Friday, September 3, 2010

Sue the bastards

Emotionally, I vacillate between sadness and anger when reading about the Traffic Bridge and what appears to be its eminent demise. Although I confess to leaning towards preserving heritage buildings and sites, I am not of the ilk that everything ever built should be saved at any cost. But the Traffic Bridge is, or was, an icon in Saskatoon. It represents the birth of our city. So how did we get to this juncture?

The first flags on the bridge came in spring of 2006. At that time the engineering report offered options on what would need to be done to save the old girl, or alternatively, tear it down. As 2006 was an election year and many of today's councillors were still promoting themselves as being fiscally responsible (a trait long since lost - sorry for the digression) the decision was made to do what was necessary to extend the lifespan by 20 years. For many this decision came as a result of this option being cheaper than the tear down costs.

Since that time this bridge has been inspected, studied and discussed to death. As early as this Spring the news reports appeared to imply that a paint job would be the fix, although most reasonable people did not buy into that scenario.

Now Mayor Atch states that the bridge is closed to pedi, bike and vehicle traffic due to its unstable condition, and that it could collapse under its own weight. Interestingly enough you can still paddle under the bridge and become part of the debris if you're passing under at down time.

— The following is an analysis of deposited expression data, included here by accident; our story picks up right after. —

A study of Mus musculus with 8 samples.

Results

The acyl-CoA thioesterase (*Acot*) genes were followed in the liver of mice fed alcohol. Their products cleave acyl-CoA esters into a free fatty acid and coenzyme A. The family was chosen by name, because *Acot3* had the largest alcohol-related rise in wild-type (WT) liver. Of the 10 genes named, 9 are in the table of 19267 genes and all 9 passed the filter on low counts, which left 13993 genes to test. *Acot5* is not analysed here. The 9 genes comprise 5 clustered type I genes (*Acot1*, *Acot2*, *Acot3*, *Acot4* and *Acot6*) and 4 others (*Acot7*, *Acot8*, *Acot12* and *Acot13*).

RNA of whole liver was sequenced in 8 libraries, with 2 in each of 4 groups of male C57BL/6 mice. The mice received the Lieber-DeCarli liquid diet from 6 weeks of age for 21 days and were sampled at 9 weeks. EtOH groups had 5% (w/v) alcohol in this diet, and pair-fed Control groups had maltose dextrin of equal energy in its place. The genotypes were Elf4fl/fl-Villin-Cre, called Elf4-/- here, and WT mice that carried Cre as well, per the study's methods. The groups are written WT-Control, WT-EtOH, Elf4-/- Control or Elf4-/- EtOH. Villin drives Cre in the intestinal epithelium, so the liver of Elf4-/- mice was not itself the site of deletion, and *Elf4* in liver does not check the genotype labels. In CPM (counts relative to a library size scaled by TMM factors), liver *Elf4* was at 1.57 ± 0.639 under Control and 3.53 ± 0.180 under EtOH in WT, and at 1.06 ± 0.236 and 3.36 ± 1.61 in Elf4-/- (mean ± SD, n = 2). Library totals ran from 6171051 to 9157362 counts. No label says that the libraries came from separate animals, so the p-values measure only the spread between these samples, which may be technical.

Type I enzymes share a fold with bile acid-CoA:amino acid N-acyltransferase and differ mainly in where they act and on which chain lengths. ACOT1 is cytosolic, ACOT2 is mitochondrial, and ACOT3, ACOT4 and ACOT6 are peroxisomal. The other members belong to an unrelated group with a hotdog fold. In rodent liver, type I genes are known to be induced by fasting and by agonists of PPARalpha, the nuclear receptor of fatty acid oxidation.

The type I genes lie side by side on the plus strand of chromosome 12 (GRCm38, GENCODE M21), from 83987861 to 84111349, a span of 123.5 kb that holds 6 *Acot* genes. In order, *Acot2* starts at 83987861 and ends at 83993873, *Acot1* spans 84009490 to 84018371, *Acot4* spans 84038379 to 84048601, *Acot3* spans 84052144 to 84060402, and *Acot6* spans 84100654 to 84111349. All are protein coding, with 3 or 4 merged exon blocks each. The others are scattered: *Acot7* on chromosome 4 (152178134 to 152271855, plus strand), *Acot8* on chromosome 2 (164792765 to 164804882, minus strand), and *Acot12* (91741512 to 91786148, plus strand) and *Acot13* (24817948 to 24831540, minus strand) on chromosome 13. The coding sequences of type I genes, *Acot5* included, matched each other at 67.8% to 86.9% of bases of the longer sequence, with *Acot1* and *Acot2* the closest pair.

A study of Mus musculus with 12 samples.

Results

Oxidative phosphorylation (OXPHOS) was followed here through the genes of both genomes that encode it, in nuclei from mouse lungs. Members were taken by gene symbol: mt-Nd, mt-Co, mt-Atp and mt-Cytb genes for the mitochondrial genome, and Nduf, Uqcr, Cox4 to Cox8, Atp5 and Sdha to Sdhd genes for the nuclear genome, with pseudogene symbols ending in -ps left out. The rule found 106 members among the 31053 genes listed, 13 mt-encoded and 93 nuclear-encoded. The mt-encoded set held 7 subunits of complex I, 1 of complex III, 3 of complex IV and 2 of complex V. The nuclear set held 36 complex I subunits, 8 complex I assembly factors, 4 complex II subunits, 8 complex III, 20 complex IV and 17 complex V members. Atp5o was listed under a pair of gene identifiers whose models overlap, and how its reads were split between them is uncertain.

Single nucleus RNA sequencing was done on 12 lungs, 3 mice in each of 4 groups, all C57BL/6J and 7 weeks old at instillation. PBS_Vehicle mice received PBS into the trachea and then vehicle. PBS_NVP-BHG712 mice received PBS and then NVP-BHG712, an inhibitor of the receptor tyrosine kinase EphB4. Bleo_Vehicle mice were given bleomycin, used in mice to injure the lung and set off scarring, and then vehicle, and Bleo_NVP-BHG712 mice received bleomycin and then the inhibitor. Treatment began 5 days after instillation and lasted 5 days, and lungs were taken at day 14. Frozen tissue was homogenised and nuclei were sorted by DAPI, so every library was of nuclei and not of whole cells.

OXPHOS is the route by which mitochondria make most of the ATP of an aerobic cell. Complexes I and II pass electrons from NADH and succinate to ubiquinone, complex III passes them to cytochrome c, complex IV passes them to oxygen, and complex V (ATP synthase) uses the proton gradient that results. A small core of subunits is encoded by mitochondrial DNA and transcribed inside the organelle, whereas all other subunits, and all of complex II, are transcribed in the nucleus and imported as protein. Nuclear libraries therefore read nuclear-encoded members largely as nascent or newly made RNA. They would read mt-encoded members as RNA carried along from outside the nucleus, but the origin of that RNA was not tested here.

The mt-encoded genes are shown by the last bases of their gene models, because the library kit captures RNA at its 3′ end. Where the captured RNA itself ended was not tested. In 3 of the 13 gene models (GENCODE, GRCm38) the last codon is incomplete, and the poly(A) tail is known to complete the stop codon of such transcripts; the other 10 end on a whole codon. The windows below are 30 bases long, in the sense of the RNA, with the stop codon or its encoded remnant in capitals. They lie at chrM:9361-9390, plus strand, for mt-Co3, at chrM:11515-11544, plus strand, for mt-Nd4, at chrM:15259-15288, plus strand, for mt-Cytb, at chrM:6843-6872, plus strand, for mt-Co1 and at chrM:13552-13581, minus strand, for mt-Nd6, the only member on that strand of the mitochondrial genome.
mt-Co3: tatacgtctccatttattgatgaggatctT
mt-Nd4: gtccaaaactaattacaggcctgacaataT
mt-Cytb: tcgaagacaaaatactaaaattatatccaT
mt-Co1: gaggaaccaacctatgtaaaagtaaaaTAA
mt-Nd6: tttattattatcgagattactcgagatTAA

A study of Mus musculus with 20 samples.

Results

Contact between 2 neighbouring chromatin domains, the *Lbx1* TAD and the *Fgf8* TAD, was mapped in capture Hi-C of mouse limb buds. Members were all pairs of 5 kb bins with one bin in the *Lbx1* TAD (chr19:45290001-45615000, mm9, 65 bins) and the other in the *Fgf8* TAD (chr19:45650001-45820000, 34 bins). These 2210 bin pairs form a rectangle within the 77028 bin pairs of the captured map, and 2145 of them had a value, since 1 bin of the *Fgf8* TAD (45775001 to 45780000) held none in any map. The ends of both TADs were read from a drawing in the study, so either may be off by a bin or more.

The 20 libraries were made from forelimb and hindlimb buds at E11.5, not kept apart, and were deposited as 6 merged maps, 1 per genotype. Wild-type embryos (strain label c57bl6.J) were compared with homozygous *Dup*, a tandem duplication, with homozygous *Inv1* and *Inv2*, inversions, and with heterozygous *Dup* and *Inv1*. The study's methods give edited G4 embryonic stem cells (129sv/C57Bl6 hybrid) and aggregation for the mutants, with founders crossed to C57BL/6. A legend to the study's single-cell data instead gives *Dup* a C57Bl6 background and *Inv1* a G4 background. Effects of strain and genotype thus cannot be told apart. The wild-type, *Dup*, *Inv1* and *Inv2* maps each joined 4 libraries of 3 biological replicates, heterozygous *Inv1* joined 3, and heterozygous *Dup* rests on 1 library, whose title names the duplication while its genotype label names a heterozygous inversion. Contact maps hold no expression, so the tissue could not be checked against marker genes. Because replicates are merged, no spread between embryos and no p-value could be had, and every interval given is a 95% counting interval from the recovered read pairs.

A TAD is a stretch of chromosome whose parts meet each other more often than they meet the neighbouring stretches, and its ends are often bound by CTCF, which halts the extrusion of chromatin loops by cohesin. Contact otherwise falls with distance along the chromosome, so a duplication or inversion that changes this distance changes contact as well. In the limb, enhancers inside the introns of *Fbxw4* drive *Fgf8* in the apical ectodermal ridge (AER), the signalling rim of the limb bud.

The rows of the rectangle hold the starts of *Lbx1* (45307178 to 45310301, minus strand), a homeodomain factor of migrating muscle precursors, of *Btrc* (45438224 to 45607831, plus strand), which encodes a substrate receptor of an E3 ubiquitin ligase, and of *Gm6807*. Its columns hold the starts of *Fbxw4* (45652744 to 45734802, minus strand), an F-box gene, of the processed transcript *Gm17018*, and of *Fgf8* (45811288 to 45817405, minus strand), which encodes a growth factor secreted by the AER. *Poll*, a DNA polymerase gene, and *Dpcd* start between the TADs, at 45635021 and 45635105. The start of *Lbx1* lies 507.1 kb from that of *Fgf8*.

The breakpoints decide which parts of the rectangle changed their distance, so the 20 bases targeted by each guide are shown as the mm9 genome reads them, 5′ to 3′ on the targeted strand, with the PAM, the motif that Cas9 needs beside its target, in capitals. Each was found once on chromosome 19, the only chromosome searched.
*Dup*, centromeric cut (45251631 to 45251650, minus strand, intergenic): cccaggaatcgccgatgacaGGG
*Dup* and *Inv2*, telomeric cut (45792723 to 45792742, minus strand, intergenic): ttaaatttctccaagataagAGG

I am not angry at council for the condition of the bridge. Its lack of maintenance and decay started decades ago. And council has the right to depend on professional reports when making decisions. I will be angry at councillors if they do not call into question the validity of the engineering reports, many done by outside consultants for considerable sums of money, and by professional city employees who are paid decent salaries for their advice. Huge tax dollars have been invested in the Traffic Bridge as a result of those reports, the least of which was the bordello style lights at more than twice the budgeted cost.

Aside from the heritage and financial costs, it concerns me that thousands of people, using various modes of transportation, crossed that bridge daily over the months preceding the closure announcement.

So, if costly decisions were made by council without them knowing the true condition of the bridge, sue the bastards that wrote the reports and recover the costs of the reports together with the dollars invested in a lost cause.

And now my emotional pendulum is swinging back to the sad zone.

Enjoy the last summer long weekend!

1 comment:

  1. Bottom line is that the bridge needs to come down. The city has spent, and committed to spend, too much money moving forward and protecting the heritage value of this bridge is no longer feasible.

    If it had been better maintained over the years we would not be here, but we are and as such must deal with reality and not ideals. It's too bad nobody cared about the old bridge until it was too late, hopefully the structural basis can be protected somehow and transferred to a park or other location for display as a tribute to the city.

    Let's draw up a design for a new one, it's a great opportunity to do something that fits the River Landing and speaks volumes about the new Saskatoon. Incorporate ideas, maybe have a restaurant on the Bridge like other major cities do or perhaps line it with some shops like you see in european cities.

    In any event, no time to listen to the kooks saying repair bridge at any cost. Forget being sad, let's embrace the opportunity to put yet another signature stamp on this great city.